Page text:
CHICAGO (TDB) -- One of the most important federal agencies in Ohio is a little-known branch of the CDC, the National Institute for Occupational Safety and Health, which has about 1,100 medical researchers in two Cincinnati laboratories. It has been hunting for a new $70 million home and there were fears NIOSH would leave, taking its multi-million payroll and high-paying jobs to Kentucky or somewhere else.
Today, (and we're breaking the news here on The Daily Bellwether) there are strong signals from the General Services Administration regional headquarters in Chicago that the jobs will stay. Federal officials are definitely trying to find a site near the University of Cincinnati campus. The U.S. EPA already has a lab adjacent to U.C., and the federal government apparently hopes to cluster its scientific brainpower in the same area.
Cincinnati economic development officials got a letter from Chicago earlier this week that outlined the government's hopes of finding a chunk of real estate for the lab, pinpointing their search to an area between the state university's campus and the Cincinnati Zoo. It would have been a severe blow to Ohio's economy if the jobs departed for Kentucky, or to Atlanta, where the CDC is based.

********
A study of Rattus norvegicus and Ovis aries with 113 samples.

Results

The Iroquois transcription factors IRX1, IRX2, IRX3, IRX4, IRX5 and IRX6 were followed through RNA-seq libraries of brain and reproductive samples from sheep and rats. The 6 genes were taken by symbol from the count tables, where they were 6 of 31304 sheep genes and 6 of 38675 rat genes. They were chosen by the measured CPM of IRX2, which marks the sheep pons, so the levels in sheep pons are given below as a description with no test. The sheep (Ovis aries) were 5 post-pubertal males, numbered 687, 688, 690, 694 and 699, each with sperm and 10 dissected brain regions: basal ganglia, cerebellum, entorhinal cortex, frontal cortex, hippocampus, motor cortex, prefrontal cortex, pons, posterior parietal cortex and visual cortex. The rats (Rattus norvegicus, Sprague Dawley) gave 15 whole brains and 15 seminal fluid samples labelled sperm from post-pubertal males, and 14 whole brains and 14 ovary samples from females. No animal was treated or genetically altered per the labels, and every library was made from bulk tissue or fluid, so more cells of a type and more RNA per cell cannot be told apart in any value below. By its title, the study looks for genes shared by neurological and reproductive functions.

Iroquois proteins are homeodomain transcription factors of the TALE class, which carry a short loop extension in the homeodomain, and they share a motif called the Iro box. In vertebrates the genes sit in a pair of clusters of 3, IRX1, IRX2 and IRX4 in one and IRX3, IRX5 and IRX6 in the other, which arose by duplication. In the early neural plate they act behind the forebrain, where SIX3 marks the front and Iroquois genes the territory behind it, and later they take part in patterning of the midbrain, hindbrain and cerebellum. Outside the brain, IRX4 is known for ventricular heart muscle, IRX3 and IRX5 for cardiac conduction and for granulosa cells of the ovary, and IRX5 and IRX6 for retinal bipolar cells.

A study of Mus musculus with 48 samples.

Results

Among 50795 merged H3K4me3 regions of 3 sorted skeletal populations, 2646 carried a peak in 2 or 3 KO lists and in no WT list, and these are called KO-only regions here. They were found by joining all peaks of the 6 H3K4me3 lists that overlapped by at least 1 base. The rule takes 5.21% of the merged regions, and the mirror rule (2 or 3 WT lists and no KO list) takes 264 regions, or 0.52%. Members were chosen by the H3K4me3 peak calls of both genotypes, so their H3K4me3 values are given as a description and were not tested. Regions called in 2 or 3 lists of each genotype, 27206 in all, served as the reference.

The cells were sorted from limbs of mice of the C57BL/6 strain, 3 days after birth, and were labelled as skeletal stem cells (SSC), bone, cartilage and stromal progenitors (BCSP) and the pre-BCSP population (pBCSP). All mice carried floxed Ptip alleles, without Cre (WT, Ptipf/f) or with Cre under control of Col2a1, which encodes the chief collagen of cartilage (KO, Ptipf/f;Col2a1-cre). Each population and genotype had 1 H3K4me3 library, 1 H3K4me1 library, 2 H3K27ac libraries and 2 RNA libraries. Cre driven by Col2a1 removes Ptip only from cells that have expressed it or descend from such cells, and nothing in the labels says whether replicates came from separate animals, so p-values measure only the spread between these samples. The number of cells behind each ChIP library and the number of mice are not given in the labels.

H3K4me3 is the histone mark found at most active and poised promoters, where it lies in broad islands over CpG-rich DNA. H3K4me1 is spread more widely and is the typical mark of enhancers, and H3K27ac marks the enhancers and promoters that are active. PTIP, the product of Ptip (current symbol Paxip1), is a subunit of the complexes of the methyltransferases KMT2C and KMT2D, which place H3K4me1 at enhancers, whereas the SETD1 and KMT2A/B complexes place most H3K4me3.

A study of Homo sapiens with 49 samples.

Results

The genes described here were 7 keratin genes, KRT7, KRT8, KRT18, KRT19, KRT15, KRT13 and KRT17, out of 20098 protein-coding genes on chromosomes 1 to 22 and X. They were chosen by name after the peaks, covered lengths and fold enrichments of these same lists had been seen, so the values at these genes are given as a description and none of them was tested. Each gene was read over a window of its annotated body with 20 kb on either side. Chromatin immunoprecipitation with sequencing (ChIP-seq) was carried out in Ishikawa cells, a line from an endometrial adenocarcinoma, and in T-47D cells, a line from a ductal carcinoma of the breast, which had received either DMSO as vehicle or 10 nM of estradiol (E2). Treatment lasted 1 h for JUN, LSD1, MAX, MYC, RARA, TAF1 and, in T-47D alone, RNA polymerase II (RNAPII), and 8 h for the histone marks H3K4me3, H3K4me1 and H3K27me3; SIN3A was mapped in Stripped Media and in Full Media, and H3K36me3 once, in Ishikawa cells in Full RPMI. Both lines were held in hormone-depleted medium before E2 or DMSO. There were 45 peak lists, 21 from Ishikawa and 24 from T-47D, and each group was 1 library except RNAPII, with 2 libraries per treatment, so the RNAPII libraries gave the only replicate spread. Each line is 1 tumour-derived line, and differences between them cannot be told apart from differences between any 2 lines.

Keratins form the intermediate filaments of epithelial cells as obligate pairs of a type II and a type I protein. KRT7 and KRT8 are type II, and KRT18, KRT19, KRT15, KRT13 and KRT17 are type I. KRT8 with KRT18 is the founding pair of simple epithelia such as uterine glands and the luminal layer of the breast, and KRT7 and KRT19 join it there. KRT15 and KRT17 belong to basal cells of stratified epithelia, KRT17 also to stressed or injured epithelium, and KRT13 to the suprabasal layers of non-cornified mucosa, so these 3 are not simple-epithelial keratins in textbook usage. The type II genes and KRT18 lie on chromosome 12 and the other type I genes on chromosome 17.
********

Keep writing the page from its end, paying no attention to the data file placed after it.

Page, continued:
What eventually became NIOSH arrived in Ohio in 1954, when the Robert A. Taft Sanitary Engineering Center opened to study occupational and environmental health, a development then-President Dwight D. Eisenhower saluted as being ''Of special importance to every worker" in America. Taft, grandfather of Ohio's lame duck Gov. Bob Taft, was "Mr. Republican" and a fixture in the U.S. Senate. A second lab opened several miles across town in 1962.
Under Bob Taft's administration, economic development has been spotty and job-retention has been tough. Ted Strickland, the Democrat who replaces Taft next month, has promised better progress ahead, and he may be catching a big break here. Cincinnati's Democratic Mayor Mark Mallory also will look good if he closes the deal on the $70 million project.
NIOSH was created in 1971 under Richard Nixon. Right now, its scientists in the Midwest are studying everything from how to design ergonomically friendly truck cabs for long-haul semi-tractor drivers to the effects of radiation exposure on workers U.S. nuclear weapons plants during the Cold War. The site of new the new lab is not a done deal yet -- but the news so far is good.